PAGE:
Nothing in my jewelry box compares to the Kappa Crucis Cluster, also known as NGC 4755 or simply the “Jewel Box.” This object is just bright enough to be seen with the unaided eye, but a combination of images taken by three exceptional telescopes, the Very Large Telescope, the 2.2-meter telescope at the La Silla observatory and the Hubble Space Telescope, has allowed the stunning Jewel Box star cluster to be seen in a whole new light. Above is the image from ESO’ Very Large Telescope, which zooms in for a close look at the cluster itself. This new image is one of the best ever taken of this cluster from the ground, taken with an exposure time of just 5 seconds.
The Hubble Space Telescope can capture light of shorter wavelengths than ground-based telescopes can, and this new HST image of the core of the cluster represents the first comprehensive far ultraviolet to near-infrared image of an open galactic cluster. It was created from images taken through seven filters, allowing viewers to see details never seen before. It was taken near the end of the long life of the Wide Field Planetary Camera 2, Hubble’s workhorse camera up until the recent Servicing Mission, when it was removed and brought back to Earth, and replaced with an new and improved version. Several very bright, pale blue supergiant stars, a solitary ruby-red supergiant and a variety of other brilliantly colored stars are visible in the Hubble image, as well as many much fainter ones. The intriguing colors of many of the stars result from their differing intensities at different ultraviolet wavelengths.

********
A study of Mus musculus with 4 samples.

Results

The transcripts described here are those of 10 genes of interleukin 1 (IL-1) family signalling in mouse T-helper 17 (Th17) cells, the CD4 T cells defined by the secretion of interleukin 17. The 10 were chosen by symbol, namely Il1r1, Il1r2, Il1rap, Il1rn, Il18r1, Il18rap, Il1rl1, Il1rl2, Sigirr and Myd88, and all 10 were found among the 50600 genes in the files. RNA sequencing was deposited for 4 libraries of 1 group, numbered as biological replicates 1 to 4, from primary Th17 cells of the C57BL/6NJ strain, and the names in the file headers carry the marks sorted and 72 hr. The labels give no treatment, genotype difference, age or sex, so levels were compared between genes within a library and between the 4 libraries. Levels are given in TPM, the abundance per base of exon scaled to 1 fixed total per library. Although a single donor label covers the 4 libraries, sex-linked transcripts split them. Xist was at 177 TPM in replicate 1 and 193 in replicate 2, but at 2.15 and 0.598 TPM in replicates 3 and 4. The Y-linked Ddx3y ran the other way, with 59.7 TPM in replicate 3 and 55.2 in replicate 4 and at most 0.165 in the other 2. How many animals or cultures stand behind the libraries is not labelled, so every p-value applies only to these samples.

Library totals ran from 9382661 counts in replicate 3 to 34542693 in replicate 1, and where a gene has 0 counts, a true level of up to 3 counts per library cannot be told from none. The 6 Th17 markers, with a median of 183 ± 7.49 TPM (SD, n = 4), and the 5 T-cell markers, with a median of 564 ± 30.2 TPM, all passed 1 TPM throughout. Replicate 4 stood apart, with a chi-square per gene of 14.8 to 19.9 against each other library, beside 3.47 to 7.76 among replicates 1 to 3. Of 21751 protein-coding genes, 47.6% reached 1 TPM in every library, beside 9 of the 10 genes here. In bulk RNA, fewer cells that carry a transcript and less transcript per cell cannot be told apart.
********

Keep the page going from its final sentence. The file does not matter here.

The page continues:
A new image taken with the Wide Field Imager (WFI) on the MPG/ESO 2.2-metre telescope at ESO’s La Silla Observatory in Chile shows the cluster and its rich surroundings in all their multicolored glory. The large field of view of the WFI shows a vast number of stars. Many are located behind the dusty clouds of the Milky Way and therefore appear red.
Star clusters are among the most fascinating objects in the sky. Open clusters such as NGC 4755 typically contain anything from a few to thousands of stars that are loosely bound together by gravity. Because the stars all formed together from the same cloud of gas and dust their ages and chemical makeup are similar, which makes them ideal laboratories for studying how stars evolve.